Stay-at-home moms may have been right all along when their maternal instincts told them they're best equipped to care for their children.
A new study from N.C. State University concludes that children of mothers who work outside the home have a significantly higher risk of health problems, accidents and injuries.
The study found that kids of working moms have a 200 percent increase in the risk of experiencing overnight hospitalizations, asthma episodes and injuries or poisonings.
Parenting is an intensely emotional subject that leads to feelings of guilt, inadequacy and -- just as often -- a sense of superiority among parents, particularly among moms who handle the bulk of child-rearing duties. The so-called mommy wars have heated up in recent years as the numbers of women with children under age 18 who are in the workforce has risen to more than 75 percent.
Dr. Melinda Morrill, the N.C. State economics professor who authored the study, warned against making sweeping moral judgments against moms who work outside the home. But she notes that parenting choices involve trade-offs that must be acknowledged.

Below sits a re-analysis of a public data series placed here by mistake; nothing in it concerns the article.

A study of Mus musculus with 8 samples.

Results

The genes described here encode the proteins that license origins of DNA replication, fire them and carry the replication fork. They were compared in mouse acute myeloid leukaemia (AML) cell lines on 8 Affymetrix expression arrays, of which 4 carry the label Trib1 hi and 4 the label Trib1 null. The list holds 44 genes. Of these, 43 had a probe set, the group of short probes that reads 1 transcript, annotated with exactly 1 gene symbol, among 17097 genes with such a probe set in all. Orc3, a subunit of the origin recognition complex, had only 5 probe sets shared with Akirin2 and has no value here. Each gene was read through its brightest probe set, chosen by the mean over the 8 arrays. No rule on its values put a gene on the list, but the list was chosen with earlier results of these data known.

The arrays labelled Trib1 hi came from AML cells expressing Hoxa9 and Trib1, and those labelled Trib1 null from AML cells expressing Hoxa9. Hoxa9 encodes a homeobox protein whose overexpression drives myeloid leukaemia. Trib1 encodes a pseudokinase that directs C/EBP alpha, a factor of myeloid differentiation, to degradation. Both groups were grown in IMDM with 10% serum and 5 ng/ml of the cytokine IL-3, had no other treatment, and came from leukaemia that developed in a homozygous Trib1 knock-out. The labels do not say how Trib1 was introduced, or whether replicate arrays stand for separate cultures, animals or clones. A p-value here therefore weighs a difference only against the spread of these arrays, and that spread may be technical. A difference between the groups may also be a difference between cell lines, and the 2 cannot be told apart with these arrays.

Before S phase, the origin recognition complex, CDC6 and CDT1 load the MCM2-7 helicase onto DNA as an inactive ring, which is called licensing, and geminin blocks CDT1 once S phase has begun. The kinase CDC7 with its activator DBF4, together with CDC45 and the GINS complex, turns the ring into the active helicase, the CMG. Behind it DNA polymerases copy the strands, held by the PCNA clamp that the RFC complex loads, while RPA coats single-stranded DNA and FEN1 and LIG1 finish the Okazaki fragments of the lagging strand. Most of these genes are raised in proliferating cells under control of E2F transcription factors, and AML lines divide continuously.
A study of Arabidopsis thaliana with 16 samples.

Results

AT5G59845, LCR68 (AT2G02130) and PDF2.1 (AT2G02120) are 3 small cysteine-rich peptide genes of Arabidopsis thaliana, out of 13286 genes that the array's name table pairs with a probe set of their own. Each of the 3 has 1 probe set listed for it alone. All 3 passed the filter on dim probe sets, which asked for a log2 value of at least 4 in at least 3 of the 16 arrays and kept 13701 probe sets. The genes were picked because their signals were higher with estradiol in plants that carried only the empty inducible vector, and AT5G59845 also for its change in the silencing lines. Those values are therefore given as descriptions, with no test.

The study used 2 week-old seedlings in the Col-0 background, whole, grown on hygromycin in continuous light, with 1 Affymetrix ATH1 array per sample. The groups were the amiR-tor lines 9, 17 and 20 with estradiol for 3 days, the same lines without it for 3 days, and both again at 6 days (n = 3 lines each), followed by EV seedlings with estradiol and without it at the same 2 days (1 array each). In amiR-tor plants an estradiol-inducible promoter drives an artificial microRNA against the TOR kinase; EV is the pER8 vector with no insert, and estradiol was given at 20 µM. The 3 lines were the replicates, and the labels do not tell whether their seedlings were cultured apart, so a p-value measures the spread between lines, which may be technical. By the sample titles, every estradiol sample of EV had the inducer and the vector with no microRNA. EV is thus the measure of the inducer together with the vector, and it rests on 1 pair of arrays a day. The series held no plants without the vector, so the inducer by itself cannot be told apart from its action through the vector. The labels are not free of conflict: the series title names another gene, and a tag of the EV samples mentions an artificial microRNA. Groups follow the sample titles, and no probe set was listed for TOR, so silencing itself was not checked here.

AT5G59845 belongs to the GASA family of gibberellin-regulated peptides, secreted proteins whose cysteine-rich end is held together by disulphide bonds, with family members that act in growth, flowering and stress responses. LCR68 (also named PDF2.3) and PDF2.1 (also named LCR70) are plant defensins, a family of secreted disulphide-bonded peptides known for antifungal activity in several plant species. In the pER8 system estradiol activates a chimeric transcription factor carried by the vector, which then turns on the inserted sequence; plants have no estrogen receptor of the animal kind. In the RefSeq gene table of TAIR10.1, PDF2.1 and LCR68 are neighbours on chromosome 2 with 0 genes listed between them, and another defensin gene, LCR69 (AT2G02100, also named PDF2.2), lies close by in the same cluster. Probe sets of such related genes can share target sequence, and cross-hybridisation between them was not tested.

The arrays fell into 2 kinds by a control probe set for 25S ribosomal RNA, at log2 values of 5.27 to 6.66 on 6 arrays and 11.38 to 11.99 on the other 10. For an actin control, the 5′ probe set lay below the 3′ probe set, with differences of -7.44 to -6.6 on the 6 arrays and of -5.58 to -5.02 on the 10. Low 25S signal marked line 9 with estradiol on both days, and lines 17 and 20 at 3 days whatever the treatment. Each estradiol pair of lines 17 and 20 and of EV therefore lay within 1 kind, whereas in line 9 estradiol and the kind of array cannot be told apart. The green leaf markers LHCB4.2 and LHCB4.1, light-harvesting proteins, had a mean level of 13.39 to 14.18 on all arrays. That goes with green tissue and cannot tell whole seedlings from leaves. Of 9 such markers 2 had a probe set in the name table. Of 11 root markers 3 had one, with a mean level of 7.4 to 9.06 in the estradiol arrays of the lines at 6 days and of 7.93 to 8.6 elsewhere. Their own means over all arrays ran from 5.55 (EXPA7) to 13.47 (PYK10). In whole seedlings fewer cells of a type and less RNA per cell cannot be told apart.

"Maternal employment imposes a burden on a mother's time and may result in the poorer supervision or care of her children," Morrill's study says. "A child's health is at least partially a function of time-intensive activities such as healthy meal preparation and house cleaning."
Morrill's research looked at 89,000 kids age 7 to 17, examining 20 years of data from the federal National Health Interview Survey.
Morrill's research runs counter to previous studies that have shown that children of working moms have improved health. Those studies have said that kids of working moms benefit from increased income, from better health insurance options and from a boost in the mother's self-esteem.
But Morrill concludes that the earlier studies confused causes with effects, overlooking the fact that mothers of children with special needs or chronic health problems were often unable to work outside the home. In these situations, electing to become a stay-at-home mom did not cause or exacerbate the child's health problems; rather, the child's problems led to the mother's decision not to work outside the home.
Her study said parenting choices are based on complex variables, but in some cases a stay-at-home mom and a working mom may have very different temperaments and talents.
"A mother's decision to work could reflect underlying (and unobserved) ability, skills, or preferences, so that a mother that works may be different in important ways from a mother that does not work," Morrill wrote.